A Conservative Party member from British Columbia looks with a 'no/non' voting card in his hand. Many party members have mix feelings regarding the removal of the traditional definition of marriage from the party’s official policy after the Vancouver convention May 26-28. Photo/Courtesy of the Conservative Party of Canada via Facebook

Social conservatives divided on Tories nixing traditional marriage policy

By 
  • June 2, 2016

OTTAWA – At their recent policy convention held May 26-28 in Vancouver, the Conservative Party removed the traditional definition of marriage from its official policy, leaving social conservatives divided.

Some choose to look at the small victories gained in other policy areas; others are ready to leave the Conservative Party or at the very least, withdraw financial support and time volunteering over the definition of marriage as between one man and one woman.

“I voted against it but I expected it to pass and it does not, contrary to media reports, mean we endorse same-sex marriage, it just means our policy document is now silent on marriage,” said Christopher Mahon, a Conservative delegate from Toronto and a former senior staff member in the previous Conservative government.

Paul Tuns, a delegate from Toronto and editor of The Interim newspaper, said the policy change will allow MPs to “vote their conscience on it.” The party has also remained silent on euthanasia, he noted.

For REAL Women of Canada national vice president Gwen Landolt, who did not attend the convention, the vote is a deal breaker. 

Socially conservative delegates were also instrumental in blocking a pro-euthanasia policy amendment in the social policy breakout session by a vote of 213 to 96. "Delegates voted to retain the existing policy against legalizing euthanasia or assisted suicide," said Campaign Life Coalition's senior political strategist Jack Fonseca. 

“It’s a tragedy social conservatives in Canada no longer have a party that they can support,” she said. “The Conservative Party at the convention has just become another Liberal-lite party, which we cannot either accept or support. 

“We can only hope that out of this confusion of values that a new party will be formed such as the old Reform Party,” she said.

Landolt said it was on more than same-sex marriage that the Conservatives folded.

“It’s not just same-sex marriage, it was marijuana,” she said. “They drank the Kool-Aid on climate change. They don’t have any backbone on conservative issues. They have just conceded everything to the Liberals.

“The whole slate was liberal-lite. Why would we ever support them financially or by volunteering? The game is over.”

Tuns and Mahon, however, preferred to look at some of the pro-life victories at the convention. 

“For people who hold pro-life and pro-family views there were some victories and some defeats both in the policy and constitutional areas,” said Tuns. “We had those victories because many social conservatives became delegates, attended the convention and voted to uphold our principles.”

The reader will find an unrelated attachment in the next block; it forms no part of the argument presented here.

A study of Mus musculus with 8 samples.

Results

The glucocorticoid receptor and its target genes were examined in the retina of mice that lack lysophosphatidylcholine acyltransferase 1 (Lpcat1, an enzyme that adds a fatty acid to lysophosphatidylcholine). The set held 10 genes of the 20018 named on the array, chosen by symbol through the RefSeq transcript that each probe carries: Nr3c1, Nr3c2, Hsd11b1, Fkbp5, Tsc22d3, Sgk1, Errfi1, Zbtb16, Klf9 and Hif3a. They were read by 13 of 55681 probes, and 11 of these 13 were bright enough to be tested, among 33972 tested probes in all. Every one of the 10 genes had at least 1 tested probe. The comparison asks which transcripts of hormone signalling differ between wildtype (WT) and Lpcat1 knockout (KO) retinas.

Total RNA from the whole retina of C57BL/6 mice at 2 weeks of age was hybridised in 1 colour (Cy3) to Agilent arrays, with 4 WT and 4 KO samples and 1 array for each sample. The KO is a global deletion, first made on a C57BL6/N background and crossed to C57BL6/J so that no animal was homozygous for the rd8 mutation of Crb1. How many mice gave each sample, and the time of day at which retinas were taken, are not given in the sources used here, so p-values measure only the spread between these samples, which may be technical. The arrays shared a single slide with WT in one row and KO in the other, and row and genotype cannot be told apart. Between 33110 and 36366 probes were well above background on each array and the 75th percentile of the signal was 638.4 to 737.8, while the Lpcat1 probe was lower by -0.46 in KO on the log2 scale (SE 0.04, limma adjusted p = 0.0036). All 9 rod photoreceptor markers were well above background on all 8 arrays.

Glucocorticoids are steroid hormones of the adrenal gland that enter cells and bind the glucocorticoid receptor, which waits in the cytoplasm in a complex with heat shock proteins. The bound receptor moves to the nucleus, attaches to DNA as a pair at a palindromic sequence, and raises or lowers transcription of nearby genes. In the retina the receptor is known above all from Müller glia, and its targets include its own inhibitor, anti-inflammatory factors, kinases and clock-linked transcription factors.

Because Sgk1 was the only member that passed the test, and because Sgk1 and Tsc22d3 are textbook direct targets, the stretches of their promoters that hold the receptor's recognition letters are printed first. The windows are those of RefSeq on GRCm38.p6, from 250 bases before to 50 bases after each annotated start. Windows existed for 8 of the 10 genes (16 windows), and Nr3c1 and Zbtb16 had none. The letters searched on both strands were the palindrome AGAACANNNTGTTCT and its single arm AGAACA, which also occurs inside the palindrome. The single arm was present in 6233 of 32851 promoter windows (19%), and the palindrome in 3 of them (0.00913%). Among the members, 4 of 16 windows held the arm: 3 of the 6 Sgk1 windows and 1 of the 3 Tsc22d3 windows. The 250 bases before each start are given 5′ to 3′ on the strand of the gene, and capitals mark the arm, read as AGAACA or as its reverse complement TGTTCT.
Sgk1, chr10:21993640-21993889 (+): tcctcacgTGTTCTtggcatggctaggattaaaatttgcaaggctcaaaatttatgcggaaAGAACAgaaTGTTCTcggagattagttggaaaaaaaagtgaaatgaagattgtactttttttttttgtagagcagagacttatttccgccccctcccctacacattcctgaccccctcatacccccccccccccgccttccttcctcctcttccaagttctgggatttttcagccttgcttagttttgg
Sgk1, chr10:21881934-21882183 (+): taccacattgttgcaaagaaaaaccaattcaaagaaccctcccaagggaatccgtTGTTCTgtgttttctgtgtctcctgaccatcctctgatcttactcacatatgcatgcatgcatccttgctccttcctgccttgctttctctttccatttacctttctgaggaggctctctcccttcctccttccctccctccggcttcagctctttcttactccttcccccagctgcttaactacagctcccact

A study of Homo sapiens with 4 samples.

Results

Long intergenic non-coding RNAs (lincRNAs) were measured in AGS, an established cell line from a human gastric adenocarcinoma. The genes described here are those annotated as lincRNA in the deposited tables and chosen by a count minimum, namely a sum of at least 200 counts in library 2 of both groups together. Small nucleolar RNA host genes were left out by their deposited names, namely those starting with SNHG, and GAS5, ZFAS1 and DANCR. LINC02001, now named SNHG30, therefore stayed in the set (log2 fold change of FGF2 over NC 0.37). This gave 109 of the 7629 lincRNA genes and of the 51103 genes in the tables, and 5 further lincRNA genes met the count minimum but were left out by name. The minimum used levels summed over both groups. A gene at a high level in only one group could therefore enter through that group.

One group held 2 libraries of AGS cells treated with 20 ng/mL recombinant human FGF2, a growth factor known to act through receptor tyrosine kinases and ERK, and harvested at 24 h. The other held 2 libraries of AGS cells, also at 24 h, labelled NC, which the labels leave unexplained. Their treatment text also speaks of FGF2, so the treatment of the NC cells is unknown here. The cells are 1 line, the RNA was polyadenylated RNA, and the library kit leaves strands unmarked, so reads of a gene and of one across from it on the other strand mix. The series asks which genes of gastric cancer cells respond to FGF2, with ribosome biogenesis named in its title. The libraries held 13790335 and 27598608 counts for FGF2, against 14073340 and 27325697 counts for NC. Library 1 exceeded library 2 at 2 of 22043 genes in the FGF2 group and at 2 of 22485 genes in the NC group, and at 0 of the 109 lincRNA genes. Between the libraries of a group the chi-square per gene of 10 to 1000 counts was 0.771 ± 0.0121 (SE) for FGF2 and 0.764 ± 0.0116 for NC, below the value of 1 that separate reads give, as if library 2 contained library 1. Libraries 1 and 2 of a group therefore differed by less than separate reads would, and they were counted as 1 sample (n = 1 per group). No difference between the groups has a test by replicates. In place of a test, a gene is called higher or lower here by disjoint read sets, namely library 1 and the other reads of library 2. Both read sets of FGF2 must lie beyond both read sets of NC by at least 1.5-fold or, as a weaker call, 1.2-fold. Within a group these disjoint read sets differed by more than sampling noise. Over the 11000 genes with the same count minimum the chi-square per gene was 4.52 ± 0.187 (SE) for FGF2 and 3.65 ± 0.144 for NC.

Mahon pointed to the victory in adding the word “abortion” to the policy condemning sex-selection abortions. The previous policy had omitted the word. 

“This is the first time in our party's history or that of either of our legacy parties I believe that we have explicitly condemned a form of abortion by name as abortion,” said Mahon. 

“In addition, our constitution now includes as a founding principle that we as a party stand for a ‘belief in the value and dignity of all human life.’ ” 

The convention also passed a robust amendment protecting conscience rights, he said. It reads: “The Conservative Party supports conscience rights for doctors, nurses and others to refuse to participate in or refer their patients for abortion, assisted suicide or euthanasia.”

Jeff Gunnarson, a delegate from Cambridge, Ont., and vice president of Campaign Life Coalition, said six pro-life and pro-family amendments had been on the table, but the national policy committee removed four before the convention. However, the presence of many pro-life delegates at the convention prevented a pro-euthanasia motion from passing to the convention floor, he said.

Though the marriage vote made Gunnarson feel “I’m getting pushed out,” he said social conservatives like himself have to make a decision “as to whether I’m going to allow them to push me out.”

“I have to double my efforts and stay engaged and as a pro-lifer, I have to be part of the process,” he said, adding pro-life people must pursue efforts to be on executive committees of their riding associations, and on the Conservative Party’s national council to “shape the party into a true conservative party” rather than an “alternative liberal party.”

Cecilia Forsyth, a delegate from Saskatchewan and past president of REAL Women of Canada, said the convention left her with “mixed feelings.”

“I do believe we have to work within a party that’s closest to our personal beliefs so we can make Canada a better place for our children and grandchildren,” she said. 

Forsyth said she will not support any leader running for the Conservative Party who does not support the traditional definition of marriage as a foundational principle.